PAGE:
PennHIP (Hip Dysplasia Screening)

At Advanced Vetcare, we take hip dysplasia very seriously. As our pets age, they become more immobile, and we seek to give them as many healthy years as we can.

Some common dog breeds that are predisposed to developing hip dysplasia are Golden Retrievers, Labradors and German Shepherds among many others. As such, we recommend that testing be carried out at 16 weeks of age to allow early intervention in the event of high hip dysplasia risk.

What is hip dysplasia?

It is a gradual degenerative condition that affects the ball-and-socket joint in the hip, eventually leading to pain and stiffness as your pet moves. Due to the socket not properly covering the joint, this leads to progressive cartilage loss and the unnatural wearing of the joint. Hip dysplasia may eventually lead to arthritis and while it is more common in dogs, it can also be present in small cats.

How do I know if my pet has hip dysplasia?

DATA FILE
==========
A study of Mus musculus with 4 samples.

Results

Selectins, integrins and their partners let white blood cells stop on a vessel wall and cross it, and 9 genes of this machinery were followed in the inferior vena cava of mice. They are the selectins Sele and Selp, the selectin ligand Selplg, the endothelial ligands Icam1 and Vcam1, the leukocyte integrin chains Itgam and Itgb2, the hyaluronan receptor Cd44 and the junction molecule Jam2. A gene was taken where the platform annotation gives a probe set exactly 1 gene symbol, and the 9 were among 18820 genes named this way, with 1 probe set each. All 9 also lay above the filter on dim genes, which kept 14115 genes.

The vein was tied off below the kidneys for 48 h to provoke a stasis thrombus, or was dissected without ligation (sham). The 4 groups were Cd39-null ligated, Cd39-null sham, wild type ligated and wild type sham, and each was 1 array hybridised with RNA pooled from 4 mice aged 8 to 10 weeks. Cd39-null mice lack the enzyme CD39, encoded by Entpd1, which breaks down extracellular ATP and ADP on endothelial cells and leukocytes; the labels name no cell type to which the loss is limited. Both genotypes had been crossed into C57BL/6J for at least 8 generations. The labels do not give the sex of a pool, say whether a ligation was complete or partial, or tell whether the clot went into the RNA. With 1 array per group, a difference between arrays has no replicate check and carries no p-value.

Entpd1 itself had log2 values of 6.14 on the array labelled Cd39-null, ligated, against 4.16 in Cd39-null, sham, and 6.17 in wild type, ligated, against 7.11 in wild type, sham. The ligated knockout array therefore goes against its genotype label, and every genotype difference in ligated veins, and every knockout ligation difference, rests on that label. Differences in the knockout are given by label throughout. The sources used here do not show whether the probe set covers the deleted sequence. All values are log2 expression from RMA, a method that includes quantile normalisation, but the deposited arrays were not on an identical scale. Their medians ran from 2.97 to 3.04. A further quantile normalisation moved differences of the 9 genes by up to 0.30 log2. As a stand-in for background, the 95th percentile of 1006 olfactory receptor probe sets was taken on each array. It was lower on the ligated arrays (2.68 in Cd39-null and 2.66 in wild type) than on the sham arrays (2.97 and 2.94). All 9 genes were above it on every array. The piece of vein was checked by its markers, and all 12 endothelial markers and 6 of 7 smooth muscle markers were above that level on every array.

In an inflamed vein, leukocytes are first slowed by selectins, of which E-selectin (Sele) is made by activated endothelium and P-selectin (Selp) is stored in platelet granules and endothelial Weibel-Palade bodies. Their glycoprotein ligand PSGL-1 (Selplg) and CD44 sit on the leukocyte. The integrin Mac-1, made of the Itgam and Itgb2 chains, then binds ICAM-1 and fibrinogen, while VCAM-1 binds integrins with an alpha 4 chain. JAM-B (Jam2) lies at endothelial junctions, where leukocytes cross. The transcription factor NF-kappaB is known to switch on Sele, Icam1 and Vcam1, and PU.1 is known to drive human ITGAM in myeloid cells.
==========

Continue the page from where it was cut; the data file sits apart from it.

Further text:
PennHIP is the most effective hip effective screening method for both dogs and cats. Pets that are older than 16 weeks can be tested for the risk of developing hip dysplasia. This is valuable information that can allow for early intervention to prevent or reduce the severity of hip dysplasia and osteoarthritis in the later stage of life.

Depending on the severity of the disease and joint arthritis, your pet may be displaying varying symptoms of joint pain:

  • Limping that gradually gets worse
  • Difficulty in climbing, jumping, running or rising
  • Expressing pain when touched in the hip area
  • Decrease of thigh muscle mass
  • Stiffness or decreased range of motion in rear limbs
Can hip dysplasia be treated?

We adopt an approach that is both conservative and progressive. If the results for PennHIP indicate a high risk for hip dysplasia, there are two possible courses of action we can take.

For dogs under 20 weeks of age, we will most likely opt for a Juvenile Pubic Symphysiodesis (JPS). Find out about our procedure for JPS here.

For dogs above 9 months, we can proceed to do a hip replacement. Find out more about our hip replacement method here.

Other options are also available and we strongly recommend consulting a trusted veterinarian surgeon.